To find out, we partnered with Georgetown University’s Kalmanovitz Initiative for Labor and the Working Poor to study the issue. The state AFL-CIO labor federations represent the labor movement in the state legislatures, while the state Catholic Conferences do so for the Church. Last summer, after most of the states had completed their 2017 legislative sessions, we surveyed state AFL-CIO presidents and Catholic Conference executive directors. Each was presented with a list of immigration and worker justice issue areas and asked whether they had worked on legislation in this area during the 2017 session.
We had a strong response, with 33% of the Catholic Conference directors and 29% of the state AFL-CIO presidents returning completed surveys. Both groups were strongly engaged in defending immigrants and immigrant workers. Fully 62% of the AFL-CIO presidents reported work on such an issue during the 2017 session, and 57% of the Catholic Conference Directors.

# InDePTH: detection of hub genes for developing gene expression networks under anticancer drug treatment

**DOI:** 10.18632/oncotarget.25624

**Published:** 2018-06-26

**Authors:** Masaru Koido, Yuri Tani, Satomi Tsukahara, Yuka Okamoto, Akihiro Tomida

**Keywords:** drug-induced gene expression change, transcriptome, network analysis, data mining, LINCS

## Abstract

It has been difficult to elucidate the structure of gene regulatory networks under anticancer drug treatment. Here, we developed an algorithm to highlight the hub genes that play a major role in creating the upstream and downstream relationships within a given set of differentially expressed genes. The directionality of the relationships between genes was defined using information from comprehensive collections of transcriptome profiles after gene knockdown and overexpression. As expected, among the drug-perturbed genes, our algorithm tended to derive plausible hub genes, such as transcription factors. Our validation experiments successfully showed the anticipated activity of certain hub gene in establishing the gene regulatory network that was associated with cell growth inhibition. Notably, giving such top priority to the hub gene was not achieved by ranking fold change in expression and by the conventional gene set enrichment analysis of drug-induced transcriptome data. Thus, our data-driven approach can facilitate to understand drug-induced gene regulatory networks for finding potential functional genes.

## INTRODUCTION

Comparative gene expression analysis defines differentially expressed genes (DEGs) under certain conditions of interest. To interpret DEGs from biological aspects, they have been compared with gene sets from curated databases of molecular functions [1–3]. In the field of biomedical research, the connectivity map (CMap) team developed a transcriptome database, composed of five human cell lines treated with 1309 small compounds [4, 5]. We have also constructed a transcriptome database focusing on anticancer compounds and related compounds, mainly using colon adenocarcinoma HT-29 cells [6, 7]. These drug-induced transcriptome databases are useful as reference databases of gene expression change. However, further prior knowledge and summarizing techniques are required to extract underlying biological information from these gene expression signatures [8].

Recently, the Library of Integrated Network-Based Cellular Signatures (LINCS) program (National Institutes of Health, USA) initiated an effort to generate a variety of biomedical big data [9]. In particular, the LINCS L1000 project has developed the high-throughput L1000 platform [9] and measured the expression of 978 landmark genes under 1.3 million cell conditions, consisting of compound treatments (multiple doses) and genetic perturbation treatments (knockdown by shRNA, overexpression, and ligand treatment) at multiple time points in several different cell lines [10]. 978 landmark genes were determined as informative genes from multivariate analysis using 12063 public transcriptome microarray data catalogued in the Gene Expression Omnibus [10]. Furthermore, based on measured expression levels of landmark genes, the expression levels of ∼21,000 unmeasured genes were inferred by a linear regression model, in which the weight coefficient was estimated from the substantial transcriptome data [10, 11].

As one would expect, a state AFL-CIO works on many worker justice issues each legislative session. But the Catholic Conferences also reported significant activity: 64% of the Catholic Conference respondents reported working on legislation in one or more of the nine worker justice issue areas on the survey. While 85% of the AFL-CIO respondents worked on minimum wage legislation in 2017, 36% of the Catholic Conference respondents also indicated they had. And both groups seem equally invested in family and medical leave — 46% of AFL-CIO presidents reported work on this in 2017, and 43% of the Catholic Conference directors.
The report points toward greater possibilities for Church-labor collaboration at the state level on the basis of shared values in the arena of social justice. CLICK HERE to view or download Shared Values: A Report on AFL-CIO and Catholic Conference Activity in the State Legislatures.